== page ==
The U.S. Justice Department has apparently given a dubious legal OK for senior Obama Administration officials--not just the President himself--to order the killing of any U.S. citizen abroad if he is thought to be a "senior operational leader of al-Qaida or an associated force."
after it obtained the unsigned 16-page white paper--which defines al-Qaida as a "terrorist organization engaged in constant plotting against the United States," a definition that the paper's authors use to justify killing al-Qaida associates any time, anywhere, under the law of war that authorizes "self defense." NBC's Michael Isikoff:
In other words, membership in al-Qaida, as determined by U.S. intelligence officials, in secret, marks one as an enemy combatant and "imminent threat" against the U.S. and its people; ergo, killing is "justified as an act of national defense." The paper's legal argument is built largely on the
, the American who was captured "on the battlefield" in Afghanistan shortly after the U.S. invaded in 2002. Since then, of course, capture has given way to drone strikes, such as the one that killed Anwar al-Awlaki in Yemen last fall. Or the one that killed his 16-year-old son a little later.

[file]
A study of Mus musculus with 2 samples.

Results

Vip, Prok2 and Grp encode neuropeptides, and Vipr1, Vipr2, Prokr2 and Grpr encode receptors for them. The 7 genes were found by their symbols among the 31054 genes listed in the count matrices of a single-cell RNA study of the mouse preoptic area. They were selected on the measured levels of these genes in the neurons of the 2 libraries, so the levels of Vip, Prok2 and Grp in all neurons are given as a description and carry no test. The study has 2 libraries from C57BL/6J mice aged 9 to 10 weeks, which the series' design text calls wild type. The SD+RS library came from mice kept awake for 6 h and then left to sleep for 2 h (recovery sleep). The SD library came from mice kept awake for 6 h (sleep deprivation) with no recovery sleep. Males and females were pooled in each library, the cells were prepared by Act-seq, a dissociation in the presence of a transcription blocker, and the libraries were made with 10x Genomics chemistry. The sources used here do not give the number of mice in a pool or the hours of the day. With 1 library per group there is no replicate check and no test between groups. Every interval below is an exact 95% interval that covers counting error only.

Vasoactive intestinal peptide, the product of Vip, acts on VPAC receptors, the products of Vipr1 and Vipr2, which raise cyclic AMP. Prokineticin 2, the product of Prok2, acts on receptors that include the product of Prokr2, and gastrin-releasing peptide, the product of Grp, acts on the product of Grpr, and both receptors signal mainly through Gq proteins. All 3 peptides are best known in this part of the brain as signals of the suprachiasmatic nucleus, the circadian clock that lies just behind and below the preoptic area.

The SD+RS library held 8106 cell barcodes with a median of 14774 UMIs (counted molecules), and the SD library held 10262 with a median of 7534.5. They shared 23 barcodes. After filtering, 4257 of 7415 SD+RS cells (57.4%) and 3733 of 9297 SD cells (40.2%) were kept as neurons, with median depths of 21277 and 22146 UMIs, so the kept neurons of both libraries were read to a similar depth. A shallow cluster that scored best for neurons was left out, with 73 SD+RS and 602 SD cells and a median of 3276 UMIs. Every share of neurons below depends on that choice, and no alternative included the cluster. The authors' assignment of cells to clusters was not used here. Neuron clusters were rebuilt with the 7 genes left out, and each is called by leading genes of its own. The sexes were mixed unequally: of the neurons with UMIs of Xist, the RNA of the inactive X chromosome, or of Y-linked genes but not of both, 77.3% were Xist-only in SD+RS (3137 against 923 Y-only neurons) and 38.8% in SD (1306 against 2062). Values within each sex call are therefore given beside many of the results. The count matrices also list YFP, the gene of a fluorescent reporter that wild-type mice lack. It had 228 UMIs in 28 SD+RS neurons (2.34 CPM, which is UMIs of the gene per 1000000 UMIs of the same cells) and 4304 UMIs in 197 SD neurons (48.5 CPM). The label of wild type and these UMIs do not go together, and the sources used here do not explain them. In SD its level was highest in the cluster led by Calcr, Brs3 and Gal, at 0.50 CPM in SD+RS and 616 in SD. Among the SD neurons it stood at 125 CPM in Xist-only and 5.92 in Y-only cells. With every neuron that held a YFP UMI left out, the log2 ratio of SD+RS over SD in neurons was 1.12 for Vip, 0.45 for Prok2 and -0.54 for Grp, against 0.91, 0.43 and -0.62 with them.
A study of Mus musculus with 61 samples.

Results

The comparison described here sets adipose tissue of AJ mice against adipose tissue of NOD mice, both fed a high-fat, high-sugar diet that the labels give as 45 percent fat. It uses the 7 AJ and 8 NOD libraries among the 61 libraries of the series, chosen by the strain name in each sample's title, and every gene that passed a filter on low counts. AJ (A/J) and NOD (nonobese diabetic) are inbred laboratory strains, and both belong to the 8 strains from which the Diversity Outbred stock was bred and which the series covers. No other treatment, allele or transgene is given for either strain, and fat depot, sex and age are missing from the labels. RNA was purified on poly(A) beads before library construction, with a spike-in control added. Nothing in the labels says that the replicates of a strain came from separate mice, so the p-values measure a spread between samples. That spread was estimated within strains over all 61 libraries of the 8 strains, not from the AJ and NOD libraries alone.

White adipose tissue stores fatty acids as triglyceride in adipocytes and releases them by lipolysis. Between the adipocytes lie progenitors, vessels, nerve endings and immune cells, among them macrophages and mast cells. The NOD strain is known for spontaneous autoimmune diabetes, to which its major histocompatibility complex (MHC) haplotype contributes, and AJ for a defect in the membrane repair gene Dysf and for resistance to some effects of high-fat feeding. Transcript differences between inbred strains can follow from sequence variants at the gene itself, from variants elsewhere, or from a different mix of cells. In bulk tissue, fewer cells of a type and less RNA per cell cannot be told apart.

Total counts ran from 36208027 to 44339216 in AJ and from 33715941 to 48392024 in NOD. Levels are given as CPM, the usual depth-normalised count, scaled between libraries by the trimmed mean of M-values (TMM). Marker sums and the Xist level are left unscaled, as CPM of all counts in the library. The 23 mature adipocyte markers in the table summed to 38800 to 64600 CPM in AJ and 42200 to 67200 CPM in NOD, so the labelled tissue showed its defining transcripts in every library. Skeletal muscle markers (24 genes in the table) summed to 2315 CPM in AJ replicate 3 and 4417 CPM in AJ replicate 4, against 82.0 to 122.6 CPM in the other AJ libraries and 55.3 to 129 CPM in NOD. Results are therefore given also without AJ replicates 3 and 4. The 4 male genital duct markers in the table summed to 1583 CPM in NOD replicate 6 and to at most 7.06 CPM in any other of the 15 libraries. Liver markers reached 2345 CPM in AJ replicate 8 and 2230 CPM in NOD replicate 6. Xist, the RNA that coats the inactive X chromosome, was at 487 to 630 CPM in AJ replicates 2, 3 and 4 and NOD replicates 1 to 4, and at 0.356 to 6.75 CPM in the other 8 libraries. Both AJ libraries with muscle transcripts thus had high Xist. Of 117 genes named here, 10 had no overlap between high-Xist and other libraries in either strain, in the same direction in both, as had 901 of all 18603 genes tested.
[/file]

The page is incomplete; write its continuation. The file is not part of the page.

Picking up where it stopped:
took note of the
. The technology is evolving to take humans out of the decision process completely. Because al-Qaida by definition is "always plotting," the word "imminent," as used in the white paper, "does not require the United States to have clear evidence that a specific attack on U.S. persons and interests will take place in the immediate future." i.e.--it does not mean "imminent." The "weight of the governemnt's interest in protecting its citizens from an imminent attack are such that the Constitution would not require the government to provide further [due] process to such U.S. citizen before using lethal force," the white paper says.
and made the obvious call:
this morning, focusing high up on the paper's provenance:
The white paper says that the courts should play no role in reviewing or restraining the decision to kill Americans. Just to get a wiretap on Americans allegedly plotting with foreigners, the feds supposedly need to go to a secret Foreign Intelligence Surveillance Act (FISA) court. But a drone strike is the executive's (or his senior assistant's) call.